After yesterday’s humorous edition of inSync we are sad to report that today’s special edition is both serious and somber. David Blackmer, founder of dbx, and more recently the brains behind Earthworks products has passed away. In honor of David and his fine family (including his extended family at Earthworks) we are suspending inSync operations today and will return tomorrow with our normal programming. Our thoughts and prayers are with you.
Following is the official announcement from Earthworks.
David Blackmer passed away March 21, 2002 in his home in Wilton, NH. He was 75 years old.
In one way or another, David was involved in improving Audio since he entered the Audio business as a stock boy at Lafayette Radio in Boston in the 1940s. The story goes that he fixed a pile of malfunctioning radios which nobody else could. He had been building radios since age 10. From a very young age he was a problem solver and an inventor. He always wanted to know how things worked and in the process of finding out he would think up and implement improvements. It was his life long passion to improve the sound quality of audio equipment until it approached the sound of the original. He was a long time Fellow of the Audio Engineering Society, a Life Member of the International Electrical and Electronic Engineers. He studied radar electronics in the navy and studied at Harvard University and MIT. We worked at Trans-Radio Recording Studio, Epsco, Hi-Con Eastern and Raytheon. He was involved in design of the telemetry for the Mercury space program. He was co-founder of a medical equipment company called Instrumentation Laboratory.
David is best known as the inventor and founder of dbx. Originally, dbx was based on the simple idea of using decibel expansion to replace the peaks lost to the limited dynamic range of magnetic tape. It lead to much more. The Blackmer VCA and RMS detector changed the world of Audio, yielding the dbx noise reduction system, dbx compressors, the dbx subsonic synthesizer, dbx VCAs were used in most early automated consoles, dbx processes were used in many early stereo TVs.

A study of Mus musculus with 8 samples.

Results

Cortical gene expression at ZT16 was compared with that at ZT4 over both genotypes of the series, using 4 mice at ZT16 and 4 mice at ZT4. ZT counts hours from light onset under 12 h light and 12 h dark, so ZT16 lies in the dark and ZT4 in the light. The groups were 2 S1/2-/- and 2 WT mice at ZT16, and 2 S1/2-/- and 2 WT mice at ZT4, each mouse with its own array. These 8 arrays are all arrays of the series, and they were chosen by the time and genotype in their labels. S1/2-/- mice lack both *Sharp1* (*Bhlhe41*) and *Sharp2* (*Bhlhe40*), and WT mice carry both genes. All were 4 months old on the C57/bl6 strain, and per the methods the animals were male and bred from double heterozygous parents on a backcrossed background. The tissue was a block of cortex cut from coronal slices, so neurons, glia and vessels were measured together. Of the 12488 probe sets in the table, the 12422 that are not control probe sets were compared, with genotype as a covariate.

As president and chief engineer of Earthworks Audio David Blackmer developed and brought to market an astonishing string of new audio tools which are, on the whole, more accurate than anyone thought was possible. In the last years of his life he developed a new model for human hearing which includes the importance of time domain resolution. He strove to establish new standards of sonic realism.
David Blackmer touched the lives of many people. Engineers who worked with him may remember a process he called tickling, in which he would assign a project to an engineer. ‘Do this and see what you get. My suspicion is that…’ The engineer would build it even though it seemed far fetched. Sometime later, with great excitement, he would present his results. He might get back from the Boss, as much as ‘that’s nice, interesting. OK. Now I want you to do this’. David was already on to another idea. The engineer, who had had a religious experience when the seemingly impossible project worked pretty much as predicted with startling implications and numerous practical applications, was left holding a breakthrough idea in hand while his efforts were re-directed elsewhere. Many of these bright young people went on to develop these cast off ideas, sometimes into their life’s work. David Blackmer was a visionary. He had more ideas than he could possibly use and he often gave of them freely.
By example, he has encouraged us all to aim for a higher standard of excellence than we might have known was possible on our own. He often derived the inverse of impossible to come up with elegant solutions which everyone else had missed and he always pushed the envelope. He will be missed.